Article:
Cat videos almost dominate the internet video sites. Together they are seen hundreds of millions of times. Yet, there are no such films of funny cats and crazy cats etc. at cinemas, or as DVDs sold at shops. Cats are extremely popular online but they have almost no presence at all on the ground.
The amount of views that some videos get is larger than many successful films. Take, for example (at random), the video of the angry cat I recently referred to on the cat rage page. That video has been seen 82 million times. Compare that with the film Titanic, the fifth most successful film of all time in money made.
At cinemas it has been seen by about 200-250 million people and 60-100 million bought the DVD. OK it is more than the video but the figures are in the same order of magnitude. Many other successful films will have been seen by less people than the video I have referred to. This is remarkable.
We seem to have two different sorts of viewer (a) internet and (b) cinema. The cost of making a short video is nothing compared to the cost of making a major movie. Videos are profitable in terms of advertising revenue.
I wonder if you could present cat videos in cinemas? It seems wrong. Why does it seem wrong? I don’t really know. You see them on television occasionally.
These are some of the differences between online videos and films:
- Films are much longer at about 90 mins or more. Videos are very short by comparisons at 15 seconds to several minutes, usually. It is about attention span. A lot of people who have a short attention will prefer a video online. Modern man has a shorter attention span. It is all quick and instant. Online surfers skim everything. Many videos of a few minutes are not seen through to the end.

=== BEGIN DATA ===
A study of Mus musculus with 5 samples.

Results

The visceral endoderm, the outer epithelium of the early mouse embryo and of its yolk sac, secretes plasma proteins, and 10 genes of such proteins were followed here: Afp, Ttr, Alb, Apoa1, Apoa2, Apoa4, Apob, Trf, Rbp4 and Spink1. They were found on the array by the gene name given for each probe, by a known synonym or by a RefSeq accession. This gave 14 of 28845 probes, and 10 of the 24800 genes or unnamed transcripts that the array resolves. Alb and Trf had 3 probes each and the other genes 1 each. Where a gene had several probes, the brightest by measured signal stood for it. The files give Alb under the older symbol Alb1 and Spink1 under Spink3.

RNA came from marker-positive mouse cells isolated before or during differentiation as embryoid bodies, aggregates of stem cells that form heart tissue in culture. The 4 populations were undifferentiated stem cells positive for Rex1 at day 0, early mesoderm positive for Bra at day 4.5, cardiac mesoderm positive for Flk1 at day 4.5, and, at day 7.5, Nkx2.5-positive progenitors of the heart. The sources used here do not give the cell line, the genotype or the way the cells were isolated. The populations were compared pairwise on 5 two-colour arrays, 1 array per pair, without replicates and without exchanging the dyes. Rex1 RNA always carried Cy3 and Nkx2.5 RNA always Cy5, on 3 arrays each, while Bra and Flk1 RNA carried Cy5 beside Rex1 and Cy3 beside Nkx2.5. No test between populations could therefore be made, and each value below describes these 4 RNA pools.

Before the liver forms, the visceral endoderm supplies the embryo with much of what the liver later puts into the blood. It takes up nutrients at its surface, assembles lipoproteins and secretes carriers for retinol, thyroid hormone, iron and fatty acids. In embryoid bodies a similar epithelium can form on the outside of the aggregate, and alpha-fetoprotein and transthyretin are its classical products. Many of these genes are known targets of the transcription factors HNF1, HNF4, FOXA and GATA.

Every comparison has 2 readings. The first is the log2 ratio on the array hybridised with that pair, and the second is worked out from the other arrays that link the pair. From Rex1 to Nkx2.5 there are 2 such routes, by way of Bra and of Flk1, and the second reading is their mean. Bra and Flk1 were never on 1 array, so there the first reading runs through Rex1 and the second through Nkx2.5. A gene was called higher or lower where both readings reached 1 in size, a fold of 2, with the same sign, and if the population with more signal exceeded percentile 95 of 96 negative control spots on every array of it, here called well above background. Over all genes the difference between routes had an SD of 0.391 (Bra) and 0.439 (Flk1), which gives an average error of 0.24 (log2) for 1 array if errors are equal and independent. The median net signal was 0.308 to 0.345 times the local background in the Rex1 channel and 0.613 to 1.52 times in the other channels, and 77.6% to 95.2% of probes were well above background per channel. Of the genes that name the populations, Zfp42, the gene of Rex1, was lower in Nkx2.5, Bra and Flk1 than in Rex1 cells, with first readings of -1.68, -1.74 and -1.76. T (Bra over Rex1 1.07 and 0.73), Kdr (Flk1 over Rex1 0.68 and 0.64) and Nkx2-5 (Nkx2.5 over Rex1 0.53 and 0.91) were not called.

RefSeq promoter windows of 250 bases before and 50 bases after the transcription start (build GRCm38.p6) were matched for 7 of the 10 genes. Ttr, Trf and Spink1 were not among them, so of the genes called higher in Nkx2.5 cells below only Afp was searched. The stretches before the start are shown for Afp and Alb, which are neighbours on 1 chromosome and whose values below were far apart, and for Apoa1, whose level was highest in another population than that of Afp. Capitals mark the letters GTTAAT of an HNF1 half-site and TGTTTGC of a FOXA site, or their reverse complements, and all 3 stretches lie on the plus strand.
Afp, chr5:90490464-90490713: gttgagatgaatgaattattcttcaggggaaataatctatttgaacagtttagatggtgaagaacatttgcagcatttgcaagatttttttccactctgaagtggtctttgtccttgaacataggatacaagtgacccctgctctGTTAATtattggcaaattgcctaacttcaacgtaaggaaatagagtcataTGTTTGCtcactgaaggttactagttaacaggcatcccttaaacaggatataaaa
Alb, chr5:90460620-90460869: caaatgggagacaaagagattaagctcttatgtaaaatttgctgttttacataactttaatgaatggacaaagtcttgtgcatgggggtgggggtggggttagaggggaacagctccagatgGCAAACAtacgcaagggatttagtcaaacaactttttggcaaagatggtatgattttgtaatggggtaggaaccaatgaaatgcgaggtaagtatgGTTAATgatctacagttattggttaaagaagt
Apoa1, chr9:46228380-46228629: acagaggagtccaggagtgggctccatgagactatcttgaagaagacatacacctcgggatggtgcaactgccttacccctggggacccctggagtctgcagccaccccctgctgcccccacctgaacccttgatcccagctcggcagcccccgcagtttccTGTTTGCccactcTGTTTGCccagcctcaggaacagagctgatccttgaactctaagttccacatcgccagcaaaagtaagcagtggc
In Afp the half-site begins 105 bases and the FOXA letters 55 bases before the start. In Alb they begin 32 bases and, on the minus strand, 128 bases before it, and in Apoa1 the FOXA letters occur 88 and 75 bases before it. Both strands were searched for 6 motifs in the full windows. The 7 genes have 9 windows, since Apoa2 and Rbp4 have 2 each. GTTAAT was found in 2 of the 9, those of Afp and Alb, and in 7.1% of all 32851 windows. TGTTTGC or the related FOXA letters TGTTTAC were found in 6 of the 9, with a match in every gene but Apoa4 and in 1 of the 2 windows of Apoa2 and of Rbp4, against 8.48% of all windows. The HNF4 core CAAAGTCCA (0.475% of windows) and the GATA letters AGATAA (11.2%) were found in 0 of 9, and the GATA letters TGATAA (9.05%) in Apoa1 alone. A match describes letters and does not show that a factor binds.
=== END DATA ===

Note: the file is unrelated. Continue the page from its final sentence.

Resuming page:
- Cinemas and DVD shops charge us to see or buy their product. Online videos are free. This massive difference must cause different people to be attracted. At a basic level, people with less disposable money are more likely to watch a video online.
- Anyone, anywhere can watch a cat video online. Film audiences are much more restrictive due to the language barrier and distribution barriers. There are no language barriers for cat videos. This must boost video views.
It seems that film makers missed out on a money making subject: cats. Even today, no one is making or plans to make a film that features cats. The Warrior Cat book series is extremely popular and there is a call for a film based on the series but there isn’t a film producer anywhere who will make it despite the obvious success of cat videos. The only Warrior cat movies are videos made by amateurs.
You can almost sense that a film about cats would fail. But would it? Why can’t we transfer the explosion of popularity of cat videos and even still images to film at cinemas and on DVDs?